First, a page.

Officers who helped save a man in crisis and threatening to jump from the parking ramp behind them include, from left to right: Sgt. Debra Wohlferd, Ofc. Jason Newkirk, Ofc. Sarah Boltz and Ofc. Sidney Jones.
Officer Jason Newkirk was on routine patrol at the Lake Street Station when someone came running to him, yelling about a man who’d been removed from the tracks and needed help.
Trains stopped, paramedics arrived, and the man was placed in an ambulance. But that wasn’t the end of the story.
On his way to a nearby hospital, the man escaped, ran into oncoming traffic and to the edge of a parking ramp, a 30-foot drop just inches away.
Newkirk, who’d been following the ambulance in his squad car, calmly approached the man as other Metro Transit and Minneapolis officers began to arrive. “I’m not going to do anything to you,” he said, his hands up and opened. “I just want to talk to you.”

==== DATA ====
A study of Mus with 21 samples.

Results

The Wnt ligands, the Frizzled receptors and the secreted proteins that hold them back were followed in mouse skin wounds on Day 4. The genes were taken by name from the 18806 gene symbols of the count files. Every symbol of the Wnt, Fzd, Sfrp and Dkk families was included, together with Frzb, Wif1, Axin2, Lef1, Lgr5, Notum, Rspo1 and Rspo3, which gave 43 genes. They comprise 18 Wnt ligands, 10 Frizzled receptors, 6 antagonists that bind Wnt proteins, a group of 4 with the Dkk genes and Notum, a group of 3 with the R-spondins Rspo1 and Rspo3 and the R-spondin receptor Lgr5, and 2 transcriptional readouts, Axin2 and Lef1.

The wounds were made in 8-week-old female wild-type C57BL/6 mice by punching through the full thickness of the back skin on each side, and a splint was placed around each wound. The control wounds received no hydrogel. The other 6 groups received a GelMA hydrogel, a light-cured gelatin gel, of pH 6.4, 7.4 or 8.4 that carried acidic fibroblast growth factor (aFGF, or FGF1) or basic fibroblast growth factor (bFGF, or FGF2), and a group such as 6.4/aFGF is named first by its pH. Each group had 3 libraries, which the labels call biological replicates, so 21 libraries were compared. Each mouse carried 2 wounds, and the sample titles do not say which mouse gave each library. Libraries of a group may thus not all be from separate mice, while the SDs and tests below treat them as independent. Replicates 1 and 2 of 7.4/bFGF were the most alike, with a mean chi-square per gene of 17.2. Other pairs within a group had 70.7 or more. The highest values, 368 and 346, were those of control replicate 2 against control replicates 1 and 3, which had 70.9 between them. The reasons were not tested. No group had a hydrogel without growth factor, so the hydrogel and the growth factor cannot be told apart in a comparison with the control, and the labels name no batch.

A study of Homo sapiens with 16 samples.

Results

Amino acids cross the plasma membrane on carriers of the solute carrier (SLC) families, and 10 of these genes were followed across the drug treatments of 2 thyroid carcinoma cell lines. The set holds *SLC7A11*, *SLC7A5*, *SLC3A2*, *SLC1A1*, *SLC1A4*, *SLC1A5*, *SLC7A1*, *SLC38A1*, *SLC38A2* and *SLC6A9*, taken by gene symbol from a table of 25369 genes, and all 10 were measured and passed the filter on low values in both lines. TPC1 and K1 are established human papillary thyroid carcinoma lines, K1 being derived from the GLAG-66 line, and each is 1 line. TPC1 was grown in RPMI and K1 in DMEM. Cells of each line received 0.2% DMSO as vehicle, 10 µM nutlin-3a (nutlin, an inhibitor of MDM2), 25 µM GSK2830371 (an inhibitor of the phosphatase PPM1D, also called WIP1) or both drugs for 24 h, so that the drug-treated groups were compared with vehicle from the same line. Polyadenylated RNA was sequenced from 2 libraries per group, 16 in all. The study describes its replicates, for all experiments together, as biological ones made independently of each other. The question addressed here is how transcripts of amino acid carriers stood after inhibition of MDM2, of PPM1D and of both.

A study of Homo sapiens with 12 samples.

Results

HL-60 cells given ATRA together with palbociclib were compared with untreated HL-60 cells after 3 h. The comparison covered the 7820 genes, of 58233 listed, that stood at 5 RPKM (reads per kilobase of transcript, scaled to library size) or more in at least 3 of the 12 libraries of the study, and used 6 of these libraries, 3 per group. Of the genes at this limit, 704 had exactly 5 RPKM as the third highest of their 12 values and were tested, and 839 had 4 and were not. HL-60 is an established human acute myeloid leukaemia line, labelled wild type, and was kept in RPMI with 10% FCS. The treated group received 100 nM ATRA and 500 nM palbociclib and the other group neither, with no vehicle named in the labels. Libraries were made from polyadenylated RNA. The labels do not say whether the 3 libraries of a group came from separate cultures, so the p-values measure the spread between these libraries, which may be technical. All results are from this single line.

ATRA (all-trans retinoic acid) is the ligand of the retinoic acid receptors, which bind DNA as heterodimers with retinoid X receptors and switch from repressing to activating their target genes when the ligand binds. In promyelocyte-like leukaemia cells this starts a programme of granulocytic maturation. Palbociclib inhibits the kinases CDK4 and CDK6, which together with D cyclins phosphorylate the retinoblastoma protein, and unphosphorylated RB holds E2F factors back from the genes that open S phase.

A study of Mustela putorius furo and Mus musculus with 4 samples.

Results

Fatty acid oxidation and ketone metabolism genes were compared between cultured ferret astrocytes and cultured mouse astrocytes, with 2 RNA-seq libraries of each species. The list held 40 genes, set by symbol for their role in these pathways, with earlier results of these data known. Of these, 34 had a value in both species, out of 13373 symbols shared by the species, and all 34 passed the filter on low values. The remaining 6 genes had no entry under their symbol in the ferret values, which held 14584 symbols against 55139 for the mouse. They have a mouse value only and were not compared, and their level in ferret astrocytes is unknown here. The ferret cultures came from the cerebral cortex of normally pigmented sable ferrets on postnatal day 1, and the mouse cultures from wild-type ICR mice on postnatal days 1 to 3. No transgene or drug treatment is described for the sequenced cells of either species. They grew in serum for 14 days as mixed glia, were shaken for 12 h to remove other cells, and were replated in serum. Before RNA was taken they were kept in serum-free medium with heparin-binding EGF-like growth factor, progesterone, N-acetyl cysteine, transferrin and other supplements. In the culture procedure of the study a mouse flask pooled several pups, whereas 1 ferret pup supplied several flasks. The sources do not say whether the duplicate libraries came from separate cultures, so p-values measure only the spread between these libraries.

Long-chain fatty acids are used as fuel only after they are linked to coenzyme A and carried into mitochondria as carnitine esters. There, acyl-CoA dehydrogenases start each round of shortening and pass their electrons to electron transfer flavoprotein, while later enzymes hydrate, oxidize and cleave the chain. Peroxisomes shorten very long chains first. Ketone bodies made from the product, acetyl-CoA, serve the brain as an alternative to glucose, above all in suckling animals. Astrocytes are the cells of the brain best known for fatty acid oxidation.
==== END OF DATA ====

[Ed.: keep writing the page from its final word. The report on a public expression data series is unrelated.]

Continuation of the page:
As the man held on by his fingertips, Newkirk and other officers rushed to him, pulled him from the ledge and put him back in an ambulance.
Among those who witnessed Newkirk’s response was Metro Transit Sgt. Deb Wohlferd. “It wasn’t even what (Newkirk) was saying,” she recalled. “I don’t even know if the man was hearing the words. It was the tone, the calm and caring demeanor that kept that man alive.”
Newkirk doesn’t go that far, instead saying he and other responding officers “were in the right place at the right time,” and did what they were trained to do.
“I’m glad we were there, but people save lives every day,” Newkirk said. “Maybe by even saying or doing something nice for someone. They may not know they are doing it, but they do it every day.”
Still, Wohlferd is proud of the actions by the responding officers. “We’re a family," she said, "and there is nothing better than watching your family members excel and succeed."
The Metro Transit Police Department, among the state’s largest law enforcement agencies, is hiring full-time police officers and Community Service Officers. Learn more at metrotransit.org.